A friend is looking for a supplier, and I referred their company to another company through a friend of mine. Making connections, eh?
Things went pretty well initially, but throughout the negotiation process, misunderstanding built up, and both parties began to distrust each other.
There are differences between both sides of this deal, and that's why negotiation takes place. After talking to both sides, I resolved some of the misunderstandings and brought both parties back to the negotiation table.
I learned that in any negotiations, there are one thing we should always "assume" and another thing that we should "never assume."
Always assume the other part comes with good intention unless proven otherwise. Even for the "otherwise" case, negotiation is always about getting a positive outcome for yourself, so we can walk away once we recognize malicious intention. But giving the other party the benefit of the doubt builds goodwill in most cases and will lead to a good partnership. Even if the current deal failed, keeping a good relationship would benefit future deals with different circumstances.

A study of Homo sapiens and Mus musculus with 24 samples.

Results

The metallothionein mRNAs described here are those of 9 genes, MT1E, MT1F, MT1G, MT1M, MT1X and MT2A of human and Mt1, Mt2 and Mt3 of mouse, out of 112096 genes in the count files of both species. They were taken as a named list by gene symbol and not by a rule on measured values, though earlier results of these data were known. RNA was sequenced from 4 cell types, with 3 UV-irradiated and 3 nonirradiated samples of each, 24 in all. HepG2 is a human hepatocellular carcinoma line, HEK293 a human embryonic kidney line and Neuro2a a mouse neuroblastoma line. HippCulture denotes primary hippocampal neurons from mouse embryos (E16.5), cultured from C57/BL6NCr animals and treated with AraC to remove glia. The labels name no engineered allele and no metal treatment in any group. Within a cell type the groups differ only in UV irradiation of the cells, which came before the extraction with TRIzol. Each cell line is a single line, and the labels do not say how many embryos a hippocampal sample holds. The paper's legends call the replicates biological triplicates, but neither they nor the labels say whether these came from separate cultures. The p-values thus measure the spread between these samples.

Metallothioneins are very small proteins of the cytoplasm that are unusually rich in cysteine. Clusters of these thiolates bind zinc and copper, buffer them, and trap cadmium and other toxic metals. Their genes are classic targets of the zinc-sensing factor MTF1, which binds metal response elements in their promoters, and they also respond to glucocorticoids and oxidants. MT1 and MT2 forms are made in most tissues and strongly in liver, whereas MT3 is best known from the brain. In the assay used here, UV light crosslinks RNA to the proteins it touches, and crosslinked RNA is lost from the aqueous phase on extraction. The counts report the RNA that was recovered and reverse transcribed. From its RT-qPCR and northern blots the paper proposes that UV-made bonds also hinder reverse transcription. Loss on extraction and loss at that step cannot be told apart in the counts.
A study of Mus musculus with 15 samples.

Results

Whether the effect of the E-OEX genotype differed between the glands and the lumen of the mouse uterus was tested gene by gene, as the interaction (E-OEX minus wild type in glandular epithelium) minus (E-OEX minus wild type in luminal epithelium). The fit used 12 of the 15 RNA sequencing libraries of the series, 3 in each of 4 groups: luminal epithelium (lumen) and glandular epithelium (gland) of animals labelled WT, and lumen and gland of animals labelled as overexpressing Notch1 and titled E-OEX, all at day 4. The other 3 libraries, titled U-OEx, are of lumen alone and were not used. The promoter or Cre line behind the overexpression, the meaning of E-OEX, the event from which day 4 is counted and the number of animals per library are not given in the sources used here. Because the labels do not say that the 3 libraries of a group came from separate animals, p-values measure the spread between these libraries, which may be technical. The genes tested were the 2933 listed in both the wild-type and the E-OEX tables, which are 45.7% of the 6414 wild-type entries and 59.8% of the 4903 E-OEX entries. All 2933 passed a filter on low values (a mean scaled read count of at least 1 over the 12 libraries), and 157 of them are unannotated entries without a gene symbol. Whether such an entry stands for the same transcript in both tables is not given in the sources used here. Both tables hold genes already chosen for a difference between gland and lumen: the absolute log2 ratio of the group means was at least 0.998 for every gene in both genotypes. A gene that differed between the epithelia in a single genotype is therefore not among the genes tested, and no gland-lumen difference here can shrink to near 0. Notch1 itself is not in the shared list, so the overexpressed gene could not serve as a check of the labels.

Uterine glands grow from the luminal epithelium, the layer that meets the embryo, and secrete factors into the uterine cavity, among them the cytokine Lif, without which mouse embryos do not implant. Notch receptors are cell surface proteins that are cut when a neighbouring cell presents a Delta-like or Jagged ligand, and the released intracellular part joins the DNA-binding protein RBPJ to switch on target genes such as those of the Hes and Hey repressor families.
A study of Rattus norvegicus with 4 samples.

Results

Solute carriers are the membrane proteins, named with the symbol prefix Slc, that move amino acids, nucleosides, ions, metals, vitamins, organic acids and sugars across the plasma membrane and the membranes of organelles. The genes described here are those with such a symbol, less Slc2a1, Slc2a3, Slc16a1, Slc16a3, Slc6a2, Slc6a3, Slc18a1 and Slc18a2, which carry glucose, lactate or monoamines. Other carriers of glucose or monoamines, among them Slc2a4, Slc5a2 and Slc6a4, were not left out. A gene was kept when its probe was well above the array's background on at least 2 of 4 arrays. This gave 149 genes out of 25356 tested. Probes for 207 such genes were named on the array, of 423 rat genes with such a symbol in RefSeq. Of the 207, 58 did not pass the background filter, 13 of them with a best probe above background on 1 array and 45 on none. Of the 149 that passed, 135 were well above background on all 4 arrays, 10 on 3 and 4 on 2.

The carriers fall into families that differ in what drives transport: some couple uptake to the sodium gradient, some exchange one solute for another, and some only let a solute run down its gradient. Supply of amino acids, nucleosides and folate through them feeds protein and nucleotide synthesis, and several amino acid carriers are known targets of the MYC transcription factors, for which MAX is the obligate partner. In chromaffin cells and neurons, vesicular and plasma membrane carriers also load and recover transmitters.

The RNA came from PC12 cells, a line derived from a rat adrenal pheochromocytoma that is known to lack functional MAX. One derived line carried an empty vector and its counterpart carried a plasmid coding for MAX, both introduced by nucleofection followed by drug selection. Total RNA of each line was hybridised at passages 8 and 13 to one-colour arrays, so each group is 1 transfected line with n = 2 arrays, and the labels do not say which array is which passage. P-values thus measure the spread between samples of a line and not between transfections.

Never assume that the other party shares the same "common sense." In negotiation, the counterparty may come from a very different culture. And even in the same culture, some people have very different expectations. We sometimes may take granted the basic assumptions of the fundamentals, and that could lead to misunderstanding. Don't worry about sounding a little bit tedious at first. Having the boundaries and ground rules laid down initially, focusing on negotiating the most important terms will make the process more pleasant.